With the Bank of England not having changed its base rate for seven months, interest rates remain low in the UK and such an environment continues to be supportive of asset prices. With Bank of England data indicating that interest rates have fallen from their 1990 peak of 15 per cent, the value of cash flow producing assets – bonds, stocks and property – has soared.
In recent decades UK residential property has been a great investment, even outperforming UK equities since 1990. House prices have risen about 4 per cent per annum for 30 years and investors received another 5 per cent or so in rental yield, according to data from Bloomberg and Ruffer. A 9-10 per cent total return is very nice, and in London the returns have been far greater.
The advantages to investing in property are well known: it’s easy to understand, tangible, may have utility depending on its use and has an element of inflation protection. Investors can add value themselves in a way they cannot with a public equity. Most significantly, property investment provides easy access to debt whereas investing in the stock market doesn’t. A mortgage with an 80 per cent loan to value ratio will dramatically magnify investment returns. However, the current environment could well be as good as it gets for property investors. We are ten years into an economic cycle. Unemployment is at a 47-year low. Rental growth is strong. Mortgage availability is government supported. Interest rates remain nailed to the floor.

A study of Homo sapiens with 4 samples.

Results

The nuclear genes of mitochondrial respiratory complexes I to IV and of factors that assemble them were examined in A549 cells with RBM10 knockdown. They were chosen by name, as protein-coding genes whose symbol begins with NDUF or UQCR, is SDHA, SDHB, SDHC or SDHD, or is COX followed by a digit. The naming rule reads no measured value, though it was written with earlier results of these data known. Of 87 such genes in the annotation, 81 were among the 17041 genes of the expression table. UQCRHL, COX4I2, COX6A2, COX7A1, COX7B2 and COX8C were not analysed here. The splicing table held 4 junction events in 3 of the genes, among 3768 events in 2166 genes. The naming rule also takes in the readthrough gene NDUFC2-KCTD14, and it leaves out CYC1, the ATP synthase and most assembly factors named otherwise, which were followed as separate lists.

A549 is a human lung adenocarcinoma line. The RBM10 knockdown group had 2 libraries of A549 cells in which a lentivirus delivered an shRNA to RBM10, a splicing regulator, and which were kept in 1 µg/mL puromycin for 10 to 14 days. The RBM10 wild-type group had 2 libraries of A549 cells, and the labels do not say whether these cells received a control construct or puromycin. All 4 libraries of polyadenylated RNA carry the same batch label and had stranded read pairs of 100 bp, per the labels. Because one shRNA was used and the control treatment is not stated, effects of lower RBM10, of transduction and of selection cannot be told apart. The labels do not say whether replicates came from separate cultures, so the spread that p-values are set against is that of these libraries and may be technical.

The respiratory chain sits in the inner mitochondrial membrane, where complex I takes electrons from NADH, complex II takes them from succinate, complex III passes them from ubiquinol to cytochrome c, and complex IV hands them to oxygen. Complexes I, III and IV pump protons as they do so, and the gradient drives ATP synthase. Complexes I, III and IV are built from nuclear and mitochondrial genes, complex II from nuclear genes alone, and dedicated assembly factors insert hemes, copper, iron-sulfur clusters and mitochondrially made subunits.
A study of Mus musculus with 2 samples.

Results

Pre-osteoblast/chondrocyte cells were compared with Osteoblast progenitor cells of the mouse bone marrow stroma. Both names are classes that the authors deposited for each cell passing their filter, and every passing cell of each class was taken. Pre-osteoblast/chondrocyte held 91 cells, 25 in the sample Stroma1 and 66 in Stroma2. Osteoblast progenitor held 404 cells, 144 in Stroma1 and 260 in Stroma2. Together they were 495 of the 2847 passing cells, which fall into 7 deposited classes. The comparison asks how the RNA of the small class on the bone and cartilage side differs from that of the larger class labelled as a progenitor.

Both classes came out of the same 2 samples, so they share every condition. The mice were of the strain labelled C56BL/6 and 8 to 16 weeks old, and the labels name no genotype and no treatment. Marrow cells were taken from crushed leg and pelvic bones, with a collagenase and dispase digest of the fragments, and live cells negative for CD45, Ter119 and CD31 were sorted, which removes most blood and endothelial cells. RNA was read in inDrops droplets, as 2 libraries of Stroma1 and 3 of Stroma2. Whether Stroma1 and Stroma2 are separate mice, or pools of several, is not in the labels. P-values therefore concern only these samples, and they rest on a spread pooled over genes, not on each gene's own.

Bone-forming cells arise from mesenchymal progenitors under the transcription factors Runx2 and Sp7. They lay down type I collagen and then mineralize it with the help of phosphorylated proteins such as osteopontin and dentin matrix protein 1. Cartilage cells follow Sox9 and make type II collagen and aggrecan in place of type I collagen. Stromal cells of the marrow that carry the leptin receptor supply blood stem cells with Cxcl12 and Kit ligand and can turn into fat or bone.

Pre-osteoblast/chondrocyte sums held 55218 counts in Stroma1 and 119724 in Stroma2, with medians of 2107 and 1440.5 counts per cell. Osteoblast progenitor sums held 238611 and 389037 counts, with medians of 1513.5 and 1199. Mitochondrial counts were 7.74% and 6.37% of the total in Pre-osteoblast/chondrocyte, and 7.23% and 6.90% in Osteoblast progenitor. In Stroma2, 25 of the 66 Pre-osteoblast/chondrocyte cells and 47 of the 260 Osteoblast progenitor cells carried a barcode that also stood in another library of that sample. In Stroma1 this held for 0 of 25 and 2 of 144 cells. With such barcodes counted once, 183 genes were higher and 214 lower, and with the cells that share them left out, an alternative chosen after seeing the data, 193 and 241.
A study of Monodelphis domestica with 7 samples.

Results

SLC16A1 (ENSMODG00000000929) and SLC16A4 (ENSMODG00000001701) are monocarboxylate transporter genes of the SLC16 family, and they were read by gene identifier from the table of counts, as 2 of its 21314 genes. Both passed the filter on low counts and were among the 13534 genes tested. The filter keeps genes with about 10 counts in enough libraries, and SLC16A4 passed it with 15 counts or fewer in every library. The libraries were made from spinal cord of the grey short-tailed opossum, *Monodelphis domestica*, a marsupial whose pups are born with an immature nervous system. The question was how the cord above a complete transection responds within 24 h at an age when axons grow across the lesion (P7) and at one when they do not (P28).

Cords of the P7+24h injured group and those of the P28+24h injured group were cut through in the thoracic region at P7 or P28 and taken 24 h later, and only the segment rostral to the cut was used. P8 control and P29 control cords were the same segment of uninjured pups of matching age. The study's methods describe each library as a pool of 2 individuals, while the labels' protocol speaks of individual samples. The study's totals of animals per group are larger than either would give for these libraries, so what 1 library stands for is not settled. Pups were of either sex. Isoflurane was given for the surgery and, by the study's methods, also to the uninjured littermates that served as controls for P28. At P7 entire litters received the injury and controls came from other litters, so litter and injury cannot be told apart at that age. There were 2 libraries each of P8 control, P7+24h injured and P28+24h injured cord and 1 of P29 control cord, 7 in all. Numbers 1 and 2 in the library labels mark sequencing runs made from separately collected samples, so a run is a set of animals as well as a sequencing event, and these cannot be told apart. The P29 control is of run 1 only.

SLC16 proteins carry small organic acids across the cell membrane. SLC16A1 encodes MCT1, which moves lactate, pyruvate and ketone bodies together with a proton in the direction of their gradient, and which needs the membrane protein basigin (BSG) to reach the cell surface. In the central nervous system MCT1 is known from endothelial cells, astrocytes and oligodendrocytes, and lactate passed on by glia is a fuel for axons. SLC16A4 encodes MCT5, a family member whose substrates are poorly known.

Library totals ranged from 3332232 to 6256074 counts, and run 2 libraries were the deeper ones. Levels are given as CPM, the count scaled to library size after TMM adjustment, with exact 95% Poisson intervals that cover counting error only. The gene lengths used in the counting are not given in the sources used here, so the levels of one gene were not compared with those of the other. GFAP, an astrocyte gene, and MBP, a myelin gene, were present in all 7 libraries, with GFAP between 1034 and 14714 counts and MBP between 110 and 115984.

A generation of rising prices, and indoctrination via TV shows, have convinced the public that property is fail-safe. But there are disadvantages. Property investing is burdened with high and rising transaction costs (stamp duty, legal fees, estate agency etc). The underlying asset can be illiquid and a lack of homogeneity makes it hard to compare prices. Also problematic is the lack of diversification that comes with a large monetary investment in just one or two buildings.
From an investment perspective there is nothing special about property. It is simply a long-duration asset; one which naturally has benefited from decades of declining interest rates. It could be vulnerable should they rise. Property investors need to consider the possibility of an extended period without capital gains as we move into a less favourable economic and political environment.
Duncan MacInnes is an investment director at Ruffer
Ruffer LLP is a limited liability partnership, registered in England with registered number OC305288 authorised and regulated by the Financial Conduct Authority. The information contained in this article does not constitute investment advice or research and should not be used as the basis of any investment decision.